Welcome to the spring edition of Judicature. This edition includes an announcement of a very significant gift to benefit Duke’s judicial studies programs and Judicature: a $10 million gift from Duke alumnus Carl Bolch Jr. and his wife, Susan Bass Bolch, to establish the Bolch Judicial Institute at Duke Law School. The institute will focus on the important and unique mission of promoting the rule of law and the value of a fair and independent judiciary in the U.S. and around the world. The Bolch Judicial Institute also will support the Master of Judicial Studies Program, which will graduate its third class this May — myself included. On behalf of the judges in the master’s program, I offer a special thank you to the Bolches for this extraordinary gift. We have benefited greatly from our experience at Duke, and it is wonderful to know that many more judges, in the United States and abroad, will now have the opportunity to participate in Duke’s programs.
This edition of Judicature also features three articles that analyze the validity of forensic methods used in the court system. With data from recent reports by the National Research Council, the President’s Council of Advisors on Science and Technology, and the American Association for the Advancement of Science, these articles note that many widely used forensic disciplines do not meet standards of scientific validity applied in scientific research and explore the challenge for courts and lawyers in managing forensic testimony in light of these claims of fallibility.
Other articles offer an account of how the U.S. Court of Appeals for the Tenth Circuit is addressing the ever-important issue of judicial health and a perspective on canons of construction and judicial writing from Bryan Garner, who offers a lively response to an article published in the winter edition of Judicature by Joseph Kimble. In keeping with the tradition of Judicature, this edition includes another installment of the Storied Third Branch, “Icon of the Bench and Gridiron,” honoring the life of Florida Seventh Judicial Circuit Judge Kim Hammond and written by Judge Hammond’s good friend and chief judge of the Seventh Judicial Circuit, Raul Zambrano. Our Point-Counterpoint for this edition highlights Masterpiece Cakeshop Ltd. v. Colorado Civil Rights Commission, a case pending before the U.S. Supreme Court; two religious liberty scholars, professors Frank Ravitch and Brett Scharffs, provide differing perspectives on the case’s implications. Finally, one of Florida’s finest appellate court judges (and my colleague in the LLM program), Spencer Levine of the Florida Fourth District Court of Appeal, provides a book review of Lead Yourself First, Inspiring Leadership Through Solitude, by Judge Raymond Kethledge of the U.S. Court of Appeals for the Sixth Circuit and co-author Michael Erwin.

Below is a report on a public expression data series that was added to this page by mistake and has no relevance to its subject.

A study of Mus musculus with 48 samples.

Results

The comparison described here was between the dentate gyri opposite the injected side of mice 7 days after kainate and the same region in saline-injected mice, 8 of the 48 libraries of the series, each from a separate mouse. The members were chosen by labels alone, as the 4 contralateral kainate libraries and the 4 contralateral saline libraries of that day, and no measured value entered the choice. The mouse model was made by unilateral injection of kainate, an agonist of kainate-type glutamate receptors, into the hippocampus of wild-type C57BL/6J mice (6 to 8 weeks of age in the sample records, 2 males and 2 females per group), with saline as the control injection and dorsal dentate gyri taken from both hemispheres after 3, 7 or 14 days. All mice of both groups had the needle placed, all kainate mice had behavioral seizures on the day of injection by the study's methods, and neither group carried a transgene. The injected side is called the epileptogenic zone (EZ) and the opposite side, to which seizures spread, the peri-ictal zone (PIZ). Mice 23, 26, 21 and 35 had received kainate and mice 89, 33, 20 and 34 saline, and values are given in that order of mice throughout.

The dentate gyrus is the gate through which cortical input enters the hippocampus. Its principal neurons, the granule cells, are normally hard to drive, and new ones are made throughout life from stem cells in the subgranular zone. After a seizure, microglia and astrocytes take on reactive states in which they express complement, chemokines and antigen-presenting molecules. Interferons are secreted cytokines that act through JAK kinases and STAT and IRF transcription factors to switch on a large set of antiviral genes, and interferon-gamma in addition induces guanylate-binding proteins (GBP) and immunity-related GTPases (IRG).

It has been my pleasure to serve as the editor in chief of this edition of Judicature. Once again, on behalf of the May 2018 graduating class of the Judicial Studies Program, special thanks to Mr. and Mrs. Bolch for their wonderful gift to support judicial studies at Duke and to continue to give judges the incredible opportunity that I and my fellow members of the Class of 2018 have enjoyed.
Joe Boatwright, Judge, Putnam County, Seventh Judicial Circuit, Florida.